Joshua James Parfitt
Environment

London Is Going to Get Over 100 New Drinking Fountains — But What Do Londoners Think?

Why Global Citizens Should Care
Single-use plastics are used for mere minutes but can take centuries to decompose. Plastics in landfill can leach into the surrounding environment, polluting groundwater, and if washed into the sea can harm marine life. A million plastic bottles are bought every single minute around the globe, and less than half of these are collected for recycling. You can join us in taking action on this issue here.

Plans to build hundreds of water fountains across London were launched on Friday by the Mayor of London and Thames Water.

The joint project will hope to begin installations in spring 2019, and new fountains will be found in shopping centres, museums, business districts, large stations, and other busy public areas. 

The plans are part of the mayor’s work to cut down on single-use plastic bottles — 7.7 billion of which are bought across the UK each year.

Take Action: Call on Governments and Business Leaders to Say No to Single-Use Plastics

“For many years, our public water fountains were discarded and neglected, whilst single-use plastic waste soared,” said mayor of London, Sadiq Khan

“We’re determined to reverse that trend and help deliver hundreds more free public fountains in the capital for everyone to enjoy,” he said.

The new fountains will add to the 20 pilot water fountains the mayor has pledged to deliver this year. Four of these have already been installed in Carnaby Street, Liverpool Street Station (two fountains), and Valentines Park in Redbridge, in east London.

In less than a month the two fountains at Liverpool Street Station dispensed 8,000 litres of water — the equivalent of 16,000 water bottles. Since June 2018, the water fountain at Kingly Court on Carnaby has refilled bottles over 14,000 times. 

Related Stories April 25, 2018 16 Times Countries and Cities Have Banned Single-Use Plastics Jan. 16, 2018 This Major UK Supermarket Chain Just Pledged to Be Totally Plastic Free by 2023

Thames Water will install and maintain the water fountains drawing from a £5 million fund. Councils, businesses, and other venues can register their interest in receiving a water fountain online.

Steve Robertson, chief executive of Thames Water, said: “Nurturing and protecting the environment is a core mission for Thames Water and we are proud of the high quality of our tap water.”

“By making it even more accessible for Londoners on the move we can together limit the use of millions of single-use plastic bottles which sadly end up in landfill or in our rivers and oceans,” he added.

IMG_0052.jpgThe water fountain installed in Kingly Court on Carnaby Street, in Soho. Joshua James Parfitt.

But what do Londoners think about the four pilot water fountains that have already been installed in their city? Global Citizen headed out into the capital to find out.

Agatha Sawicka, a 19-year-old UCL student, said that she wasn’t expecting to find a fountain in the busy Carnaby Street, when she stumbled across one located inside the courtyard of the 3-storey shopping hub Kingly Court, in Soho.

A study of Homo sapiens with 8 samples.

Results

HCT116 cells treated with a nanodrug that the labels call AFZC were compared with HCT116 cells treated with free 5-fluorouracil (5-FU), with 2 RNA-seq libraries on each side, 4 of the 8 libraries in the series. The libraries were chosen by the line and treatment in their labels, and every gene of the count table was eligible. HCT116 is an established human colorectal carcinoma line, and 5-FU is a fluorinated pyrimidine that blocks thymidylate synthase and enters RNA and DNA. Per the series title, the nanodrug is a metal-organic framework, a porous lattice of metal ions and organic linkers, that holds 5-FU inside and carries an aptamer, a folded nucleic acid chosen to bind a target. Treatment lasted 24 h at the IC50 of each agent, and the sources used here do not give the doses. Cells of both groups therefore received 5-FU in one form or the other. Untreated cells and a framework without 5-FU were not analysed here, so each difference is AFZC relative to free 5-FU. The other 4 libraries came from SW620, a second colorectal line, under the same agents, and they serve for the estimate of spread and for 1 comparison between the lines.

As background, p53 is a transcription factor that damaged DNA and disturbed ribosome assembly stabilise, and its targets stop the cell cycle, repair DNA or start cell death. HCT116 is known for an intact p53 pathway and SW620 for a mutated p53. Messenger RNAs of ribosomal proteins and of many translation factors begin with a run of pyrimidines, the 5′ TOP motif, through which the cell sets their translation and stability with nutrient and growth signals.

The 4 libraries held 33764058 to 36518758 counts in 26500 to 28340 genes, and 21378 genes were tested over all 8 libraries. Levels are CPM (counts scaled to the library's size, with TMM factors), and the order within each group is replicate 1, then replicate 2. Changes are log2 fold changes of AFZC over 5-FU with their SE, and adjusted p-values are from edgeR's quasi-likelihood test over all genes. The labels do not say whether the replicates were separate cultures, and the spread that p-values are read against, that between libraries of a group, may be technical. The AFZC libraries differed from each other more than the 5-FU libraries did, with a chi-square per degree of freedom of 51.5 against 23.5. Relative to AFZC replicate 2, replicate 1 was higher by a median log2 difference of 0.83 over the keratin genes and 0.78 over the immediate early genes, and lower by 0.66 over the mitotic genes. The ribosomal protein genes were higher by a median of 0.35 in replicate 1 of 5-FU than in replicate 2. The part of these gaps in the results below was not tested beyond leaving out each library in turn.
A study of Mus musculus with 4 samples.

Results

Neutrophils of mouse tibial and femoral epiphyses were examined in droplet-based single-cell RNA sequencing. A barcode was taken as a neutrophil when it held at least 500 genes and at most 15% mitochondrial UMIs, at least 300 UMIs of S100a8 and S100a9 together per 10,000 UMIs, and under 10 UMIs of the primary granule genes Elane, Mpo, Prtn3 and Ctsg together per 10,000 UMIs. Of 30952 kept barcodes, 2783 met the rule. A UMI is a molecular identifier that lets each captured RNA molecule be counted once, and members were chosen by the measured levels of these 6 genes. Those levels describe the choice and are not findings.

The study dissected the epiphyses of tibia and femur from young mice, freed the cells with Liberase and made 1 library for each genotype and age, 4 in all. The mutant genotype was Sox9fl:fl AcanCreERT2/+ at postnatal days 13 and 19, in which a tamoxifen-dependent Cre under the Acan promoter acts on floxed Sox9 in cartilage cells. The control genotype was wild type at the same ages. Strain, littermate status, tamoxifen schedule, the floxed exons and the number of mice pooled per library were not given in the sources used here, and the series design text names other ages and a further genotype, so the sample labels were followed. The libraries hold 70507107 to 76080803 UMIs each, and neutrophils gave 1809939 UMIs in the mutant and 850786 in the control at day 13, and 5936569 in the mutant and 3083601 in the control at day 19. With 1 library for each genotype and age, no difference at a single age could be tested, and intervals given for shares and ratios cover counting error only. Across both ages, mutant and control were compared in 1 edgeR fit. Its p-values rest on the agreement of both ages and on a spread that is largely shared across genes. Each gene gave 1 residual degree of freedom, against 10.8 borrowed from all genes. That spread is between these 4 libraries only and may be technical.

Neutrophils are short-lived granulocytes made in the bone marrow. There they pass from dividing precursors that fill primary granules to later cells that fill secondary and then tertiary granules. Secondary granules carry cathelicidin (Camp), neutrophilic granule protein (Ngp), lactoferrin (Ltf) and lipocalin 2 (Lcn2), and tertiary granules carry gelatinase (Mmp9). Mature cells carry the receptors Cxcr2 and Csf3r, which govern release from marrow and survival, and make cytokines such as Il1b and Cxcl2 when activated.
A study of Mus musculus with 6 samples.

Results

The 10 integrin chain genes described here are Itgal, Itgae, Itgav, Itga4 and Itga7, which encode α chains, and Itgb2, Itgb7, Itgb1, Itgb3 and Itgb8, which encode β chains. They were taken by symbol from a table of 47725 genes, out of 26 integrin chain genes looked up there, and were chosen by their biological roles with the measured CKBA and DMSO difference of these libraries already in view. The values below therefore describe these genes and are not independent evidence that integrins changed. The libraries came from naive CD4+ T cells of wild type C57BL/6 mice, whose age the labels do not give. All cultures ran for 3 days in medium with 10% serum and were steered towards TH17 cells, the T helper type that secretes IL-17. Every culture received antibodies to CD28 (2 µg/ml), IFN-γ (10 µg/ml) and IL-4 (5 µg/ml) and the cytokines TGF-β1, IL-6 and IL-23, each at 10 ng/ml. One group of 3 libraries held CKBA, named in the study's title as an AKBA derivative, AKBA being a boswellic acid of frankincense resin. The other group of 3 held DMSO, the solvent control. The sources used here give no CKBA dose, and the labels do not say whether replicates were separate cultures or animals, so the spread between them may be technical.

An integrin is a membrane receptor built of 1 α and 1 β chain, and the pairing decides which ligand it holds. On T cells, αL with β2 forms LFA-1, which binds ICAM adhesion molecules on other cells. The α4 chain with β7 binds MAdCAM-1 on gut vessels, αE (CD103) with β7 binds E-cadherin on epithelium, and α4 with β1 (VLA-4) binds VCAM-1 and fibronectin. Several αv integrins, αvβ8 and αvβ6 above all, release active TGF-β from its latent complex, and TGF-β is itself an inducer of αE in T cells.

“When I’m somewhere I’m always looking for one, because I want to refill. I carry my bottle everywhere,” she told us

Meanwhile, Filippio Locatelli, who works at Terrone & Co. coffee roasters behind the fountain, said that he liked the idea. He’s seen a lot of people refilling their bottles, and said he thought it was good for the environment.

However, he was concerned that only people with a water bottle or cup can use them, since the water comes vertically down from a spout.

“I come from a small town in Italy, and it’s normal for me to have fountains around — they’re easy to access though,” he said. “If they make it easy to drink from, more people will come.”

He said that he gives out cups every day to passersby confused about using the fountains. Although he did specify that the cups he gives out are biodegradable, and if they weren’t, he wouldn’t give them out.

Carnaby Street security guard Jonas Eugene, 40, said that people try to drink straight from the fountains and end up turning heads.

IMG_0055.jpgThe water fountains are difficult to use without a bottle. Joshua James Parfitt

“It looks ridiculous. When I see someone trying to drink from it I think ‘should I stop him?’ he said. “It would be easier if the design is changed and you can drink and go.”

The water fountains installed at Liverpool Street Station and Valentines Park are of a similar design, and are manufactured by MIW Water Cooler Experts. 

Water fountains installed by Network Rail as part of a separate initiative, which aims to put fountains in every Network Rail station, appear to cater for both bottle users and passersby.

It is not yet clear what design the hundreds of new fountains in the joint mayor of London and Thames Water project will take — with no change in design could be restricted to water bottle users. 

There are incentives however for the public to simply carry around more reusable water bottles: the mayor also supports Refill London, which has recruited more than 2,000 businesses and venues — including Costa, Starbucks, and Leon — to fill up water bottles free of charge.

A map of participating businesses can be found on the Refill app.